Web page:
School Time for Teens

   Written by on August 17, 2017 at 10:11 am
Cheryl Gowin and Dennis Gowin.  Call us at our counseling practice with your feedback, comments, issues, or questions at 434-808-2637.

Cheryl Gowin and Dennis Gowin.  Call us at our counseling practice with your feedback, comments, issues, or questions at 434-808-2637.

Has school started in your county?  By the way, my grandnephew, who lives up north, is appalled that the Central Virginia schools have already started.  He thinks there should be a constitutional amendment that schools can’t start before Labor Day and must end before Memorial Day.

Last week we talked about back to school ideas for helping your elementary kids.  Now, let’s look at ways you can help keep your teen on track.  You, as a parent, play a crucial role in helping teens succeed by staying informed, lending support, and providing guidance.    

Your teen’s outlook on life is very different from an elementary age child.  Teens are seeking independence and generally don’t outwardly look for help from their parents.  That being, parental involvement is an important ingredient for success for your teen.

Your teen may disagree but studies show that teens do better in school when parents are involved.  Your challenge is determining how to be involved while allowing your teens to grow, in a healthy way, in their independence.  Just like with your elementary age children, it is important to understand the high school.  Make sure you are active on the school website.  The school website is a great way to understand the school calendar, special events like dances and class trips, sign-up information and schedules for sports, clubs, and other extracurricular activities, and important testing dates.  The website is also a great place to find out about the high school’s back-to-school night or parent-teacher conferences.  Relying on your teens to bring home the dates for school activities is generally not successful.

Just like with younger children, it important for high schoolers go to school ready to learn.  That means a healthy breakfast and a good night’s sleep.  Teens need the right amount of sleep to be alert and ready to learn.  The right amount sleep for teens is 9 to 10 hours each night.  This may not be easy for your teens.  They face early school start times, schedules packed with classes, homework, extracurricular activities, friends, and part-time work.  It’s common for teens not to get enough sleep.  Lack of sleep causes decreased attentiveness, decreased short-term memory, inconsistent performance, and delayed response time.  Teens sleep patterns are also changing.  Teens stay up later at night, wake up late in the morning, and try to catch up on sleep on weekends.  This is not ideal; we should all go to bed at the same time and wake up at the same time.  You can help by reminding your teen before bedtime to turn off the TV, limit video games, and shut off their phone.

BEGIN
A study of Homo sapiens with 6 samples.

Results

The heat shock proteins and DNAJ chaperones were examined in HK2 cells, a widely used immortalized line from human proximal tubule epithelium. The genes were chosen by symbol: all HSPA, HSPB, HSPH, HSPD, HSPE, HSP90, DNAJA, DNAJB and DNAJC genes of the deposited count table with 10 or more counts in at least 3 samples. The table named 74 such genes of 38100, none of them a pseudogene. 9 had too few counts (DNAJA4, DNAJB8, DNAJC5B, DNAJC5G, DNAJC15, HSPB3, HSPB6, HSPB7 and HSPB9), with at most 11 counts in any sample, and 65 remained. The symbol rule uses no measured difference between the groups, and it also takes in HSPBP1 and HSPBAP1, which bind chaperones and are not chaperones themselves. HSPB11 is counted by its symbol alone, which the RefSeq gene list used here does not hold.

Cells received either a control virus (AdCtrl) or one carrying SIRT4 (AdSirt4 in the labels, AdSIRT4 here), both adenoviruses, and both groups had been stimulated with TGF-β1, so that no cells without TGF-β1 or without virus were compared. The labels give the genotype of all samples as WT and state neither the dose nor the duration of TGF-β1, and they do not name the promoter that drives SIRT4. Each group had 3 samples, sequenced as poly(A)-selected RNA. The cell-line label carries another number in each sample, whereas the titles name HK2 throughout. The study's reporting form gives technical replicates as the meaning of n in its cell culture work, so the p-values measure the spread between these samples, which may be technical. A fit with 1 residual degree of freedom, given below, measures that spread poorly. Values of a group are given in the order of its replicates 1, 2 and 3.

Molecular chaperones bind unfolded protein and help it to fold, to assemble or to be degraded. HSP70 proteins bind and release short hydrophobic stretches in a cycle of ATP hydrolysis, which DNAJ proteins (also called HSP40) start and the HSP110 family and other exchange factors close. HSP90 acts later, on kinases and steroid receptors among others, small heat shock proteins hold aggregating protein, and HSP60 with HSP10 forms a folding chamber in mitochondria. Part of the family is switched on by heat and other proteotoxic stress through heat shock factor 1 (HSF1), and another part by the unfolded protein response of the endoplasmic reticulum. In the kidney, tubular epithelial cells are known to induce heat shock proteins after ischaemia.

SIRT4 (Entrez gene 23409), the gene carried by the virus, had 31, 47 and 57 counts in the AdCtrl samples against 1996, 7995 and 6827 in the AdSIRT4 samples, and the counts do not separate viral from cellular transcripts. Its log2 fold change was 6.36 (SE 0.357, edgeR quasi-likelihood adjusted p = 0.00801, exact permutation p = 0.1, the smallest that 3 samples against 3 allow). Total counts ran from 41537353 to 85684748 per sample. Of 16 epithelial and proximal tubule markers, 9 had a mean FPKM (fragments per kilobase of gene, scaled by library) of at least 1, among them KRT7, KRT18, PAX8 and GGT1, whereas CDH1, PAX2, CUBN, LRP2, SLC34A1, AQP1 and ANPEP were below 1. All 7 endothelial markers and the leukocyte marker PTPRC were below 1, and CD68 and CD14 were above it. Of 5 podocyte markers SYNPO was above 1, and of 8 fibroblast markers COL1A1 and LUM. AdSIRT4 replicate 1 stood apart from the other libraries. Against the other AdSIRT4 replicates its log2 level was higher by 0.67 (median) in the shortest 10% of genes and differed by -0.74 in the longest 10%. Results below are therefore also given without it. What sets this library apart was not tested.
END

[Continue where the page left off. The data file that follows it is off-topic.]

So, you think that getting your teens to have a regular sleep pattern is hard.  Now, try getting your teens to like homework.  Their homework is more intense while their grades critically influence plans for their future.  You role is to help your teens learn how to balance academics with extracurricular activities, social lives, and jobs.  An important way to help is to make sure your teen has a quiet, well-lit, distraction-free place to study.  Distraction-free means no phone, no TV, and internet access only for homework-related searches.  Regularly sit down with your teen to go over class loads.  Help them evaluate if they are balanced.  Help him or her stick to a homework and study schedule.  Encourage your teen to ask for help if needed.  Planning is a key to help your teen study while juggling assignments in multiple subjects.  Since grades really count, planning for studying is crucial for success, particularly when your teen is probably more focused on extracurricular activities than studying.  And, remember to remind your teen that getting a good night’s sleep is smarter than cramming.

Your teen’s activities including school, extracurricular activities, jobs, and friends, all pull your teen away from home.  Staying connected with your teen requires creative effort.  However, the effort is worth the rewards.  Remember to talk with your teen, not at him or her about how to overcome the obstacles of high school.

Fill the valleys; level the hills; straighten out the crooked paths, and smooth off the rough spots in the road.  Isaiah 40:4

Cheryl Gowin and Dennis Gowin.  Call us with your feedback, comments, issues, or questions; our phone number is 434-808-2637.

About Cheryl & Dennis Gowin

Cheryl Gowin, Counselor and Dennis Gowin, Director of Discovery Counseling Center. Contact us with your feedback, comments, issues or questions at 434-808-2426 or dgowin@discoverycounseling.org.